The Bible Belt isn't merely a nickname. It is a verifiable geographic trend.
In a 2014 ranking of "Bible-minded" U.S. cities, an assessment commissioned by the American Bible Society, Knoxville ranked 10th, dropping nine spots from its 2013 position as No. 1.
But, with Chattanooga topping the list instead, Tennessee remained one of the three most heavily represented states on the list, the others being Kentucky and North Carolina. Each of these states contains three cities ranked within the top 20.
In addition, all but one city in the list's top 10 share a border with Tennessee, forming a snake-like belt across the Southeast.
Dale E. Jones, secretary-treasurer of the Association of Statisticians of American Religious Bodies, one of the pioneers of the religious census, noted the importance of gathering such data.
"Religion is a major sociological phenomenon in any country," Jones said. "Whether you're attending or not attending tells you something about the culture."
Prior to 1950, religious data in the U.S. hadn't been gathered on the county level. ASARB began conducting religious censuses in 1950 and has since conducted one every decade.
Religious data for the census is gathered from more than 100 different religious groups across the country as well as from households at random. Notably, more populous cities were generally found less "Bible-minded."
The ABS' "Bible-mindedness" study was based upon data collected from the 2010 religious census conducted by the ASARB.
Criteria for qualifying as a "Bible-minded" person included whether or not the person had read the Bible in the past seven days, as well as the extent to which the person believes its accuracy.
In Eastern Tennessee, rises observed between the 2000 and 2010 censuses indicate an increase of 191,000 more people associating with a religious institution of some kind. Despite this growth, Jones says actual commitment levels to specific religious congregations has plateaued over the last decade, at best.
"Overall, religious organizations aren't building up much," Jones said. "They're convincing people to become part of their organizations. Some are gaining; some are losing, but the net is about the same as it was 10 years ago."
Although Kathleen Connelly, senior in philosophy, noted a "national trend" away from religious affiliation, she asserted the inability of this trend to account for the influence of regional culture and tradition.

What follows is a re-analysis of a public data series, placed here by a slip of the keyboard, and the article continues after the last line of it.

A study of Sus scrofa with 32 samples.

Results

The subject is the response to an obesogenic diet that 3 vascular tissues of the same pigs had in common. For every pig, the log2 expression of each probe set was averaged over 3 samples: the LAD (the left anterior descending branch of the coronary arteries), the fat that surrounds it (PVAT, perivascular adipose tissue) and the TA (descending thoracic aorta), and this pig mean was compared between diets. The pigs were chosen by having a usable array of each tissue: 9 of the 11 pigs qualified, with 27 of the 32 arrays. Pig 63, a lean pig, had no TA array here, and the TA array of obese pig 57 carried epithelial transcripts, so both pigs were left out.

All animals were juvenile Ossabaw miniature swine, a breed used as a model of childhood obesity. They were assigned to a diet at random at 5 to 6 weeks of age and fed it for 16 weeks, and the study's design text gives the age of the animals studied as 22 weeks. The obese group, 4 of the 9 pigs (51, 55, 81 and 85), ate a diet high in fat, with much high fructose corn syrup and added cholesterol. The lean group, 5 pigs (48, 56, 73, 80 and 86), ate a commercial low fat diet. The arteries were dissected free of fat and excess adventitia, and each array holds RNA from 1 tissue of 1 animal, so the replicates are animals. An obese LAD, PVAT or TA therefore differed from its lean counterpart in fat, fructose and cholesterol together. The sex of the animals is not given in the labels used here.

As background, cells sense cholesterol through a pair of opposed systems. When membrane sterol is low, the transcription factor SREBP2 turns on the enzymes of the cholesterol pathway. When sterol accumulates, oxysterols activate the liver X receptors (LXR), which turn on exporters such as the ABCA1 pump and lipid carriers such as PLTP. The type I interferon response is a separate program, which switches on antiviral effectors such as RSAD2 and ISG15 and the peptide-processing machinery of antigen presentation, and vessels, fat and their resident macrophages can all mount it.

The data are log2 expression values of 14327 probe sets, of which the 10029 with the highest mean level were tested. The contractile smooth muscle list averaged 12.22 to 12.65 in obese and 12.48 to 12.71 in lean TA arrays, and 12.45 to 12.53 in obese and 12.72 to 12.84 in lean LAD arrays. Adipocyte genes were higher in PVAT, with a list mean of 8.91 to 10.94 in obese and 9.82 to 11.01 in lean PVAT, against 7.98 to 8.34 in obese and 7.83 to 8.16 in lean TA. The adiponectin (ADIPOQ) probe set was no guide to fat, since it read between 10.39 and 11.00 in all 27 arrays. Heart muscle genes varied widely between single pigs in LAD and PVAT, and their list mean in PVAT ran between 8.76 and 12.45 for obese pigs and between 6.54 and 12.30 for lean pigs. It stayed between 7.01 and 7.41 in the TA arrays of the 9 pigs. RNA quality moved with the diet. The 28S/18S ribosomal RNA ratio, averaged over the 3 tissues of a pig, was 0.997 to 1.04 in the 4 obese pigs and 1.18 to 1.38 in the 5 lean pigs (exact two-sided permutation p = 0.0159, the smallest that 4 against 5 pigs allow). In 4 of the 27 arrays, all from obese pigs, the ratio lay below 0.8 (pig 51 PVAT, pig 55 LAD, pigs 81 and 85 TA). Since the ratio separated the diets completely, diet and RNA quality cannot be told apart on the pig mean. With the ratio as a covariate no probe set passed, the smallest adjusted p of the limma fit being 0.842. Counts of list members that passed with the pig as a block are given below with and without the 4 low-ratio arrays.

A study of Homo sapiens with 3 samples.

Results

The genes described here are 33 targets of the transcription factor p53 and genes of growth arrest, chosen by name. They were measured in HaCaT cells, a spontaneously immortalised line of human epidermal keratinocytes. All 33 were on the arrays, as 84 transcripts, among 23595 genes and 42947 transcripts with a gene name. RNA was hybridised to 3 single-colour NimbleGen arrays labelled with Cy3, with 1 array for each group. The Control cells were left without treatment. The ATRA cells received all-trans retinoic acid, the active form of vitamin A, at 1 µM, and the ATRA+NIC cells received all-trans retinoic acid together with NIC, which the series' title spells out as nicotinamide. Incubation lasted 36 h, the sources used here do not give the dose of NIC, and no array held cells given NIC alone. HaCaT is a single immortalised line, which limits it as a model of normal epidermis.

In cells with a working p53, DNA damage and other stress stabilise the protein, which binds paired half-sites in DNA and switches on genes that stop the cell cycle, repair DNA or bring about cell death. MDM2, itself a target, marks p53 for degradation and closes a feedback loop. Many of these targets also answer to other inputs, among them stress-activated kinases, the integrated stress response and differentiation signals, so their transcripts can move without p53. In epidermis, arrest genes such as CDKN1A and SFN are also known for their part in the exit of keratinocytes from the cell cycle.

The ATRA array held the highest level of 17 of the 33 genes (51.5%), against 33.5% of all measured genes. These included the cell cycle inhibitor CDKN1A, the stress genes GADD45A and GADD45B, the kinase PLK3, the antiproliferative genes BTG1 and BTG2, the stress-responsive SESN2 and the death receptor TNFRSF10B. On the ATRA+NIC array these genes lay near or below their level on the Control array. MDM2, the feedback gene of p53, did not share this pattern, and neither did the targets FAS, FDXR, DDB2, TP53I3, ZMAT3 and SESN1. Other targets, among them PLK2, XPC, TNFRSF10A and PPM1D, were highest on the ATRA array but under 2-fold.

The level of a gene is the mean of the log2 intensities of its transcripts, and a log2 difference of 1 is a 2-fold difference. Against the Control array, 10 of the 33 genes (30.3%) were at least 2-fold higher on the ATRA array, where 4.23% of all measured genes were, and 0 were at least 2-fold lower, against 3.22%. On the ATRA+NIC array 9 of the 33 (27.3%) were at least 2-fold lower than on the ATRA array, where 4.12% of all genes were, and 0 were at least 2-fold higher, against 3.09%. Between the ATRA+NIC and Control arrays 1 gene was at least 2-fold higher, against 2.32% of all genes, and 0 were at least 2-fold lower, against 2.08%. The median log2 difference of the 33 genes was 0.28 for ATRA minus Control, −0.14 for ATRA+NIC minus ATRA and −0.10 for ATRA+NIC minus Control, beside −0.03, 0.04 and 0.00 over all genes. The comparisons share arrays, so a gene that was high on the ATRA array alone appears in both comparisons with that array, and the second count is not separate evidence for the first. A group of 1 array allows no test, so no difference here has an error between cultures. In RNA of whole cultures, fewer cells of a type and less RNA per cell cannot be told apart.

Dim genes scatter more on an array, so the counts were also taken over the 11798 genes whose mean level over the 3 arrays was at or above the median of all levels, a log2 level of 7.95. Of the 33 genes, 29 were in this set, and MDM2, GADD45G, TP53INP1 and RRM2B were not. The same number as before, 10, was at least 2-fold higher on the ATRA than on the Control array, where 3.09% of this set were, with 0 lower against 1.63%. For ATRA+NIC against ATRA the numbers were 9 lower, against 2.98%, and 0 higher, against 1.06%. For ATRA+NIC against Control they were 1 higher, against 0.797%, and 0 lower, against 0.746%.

"I think there's an important extent to which people in the South, and Appalachian people specifically, feel they need to retain a sense of identity that is distinct from a national American identity. An extent to which people feel like their identity is being threatened by the growing secularization of the United States."
Citizens of Appalachian Tennessee, like Chattanooga and Knoxville, Conelly suggested, "see religion as such an integral part of their identity in a way that people in the rest of the country might not." This disparity, she proposed, could account for Tennessee's overall high ranking.
"Despite the fact that nationally there is a trend toward secularization, I think locally there could be a trend in the reverse direction," Conelly said. "Because people are kind of clinging to this identity that they feel might be threatened.
The study, however, cannot account for the exact extent to which personal accounts align with truth. Across denominations, Christian devotees invest faith in the Bible to varying degrees.
A 2007 Gallup Poll reported a third of Americans believe the Bible to be literally true. That is, they believe the Bible to be "absolutely accurate and should be taken literally word for word." Of those claiming to attend church every week, 54 percent considered the Bible "the actual word of God." Church attendance was also highest in the South.
"It's important to recognize that some people say they're Christian and go to church," Jones said. "But when we ask the church, they don't know about them."
Conelly mentioned a recent investigation of New York's higher-than-expected ranking on the list that likely "distorted" results. Researchers, during their calls to subjects, did not make a distinction between the Torah and variations of scripture, thus skewing statistics. With a large Jewish population, New York ranked artificially high on the list.
But not all assumptions about America's cities align with collected data. Contrary to its name, Providence, R.I., was ranked the least "Bible-minded" city in America.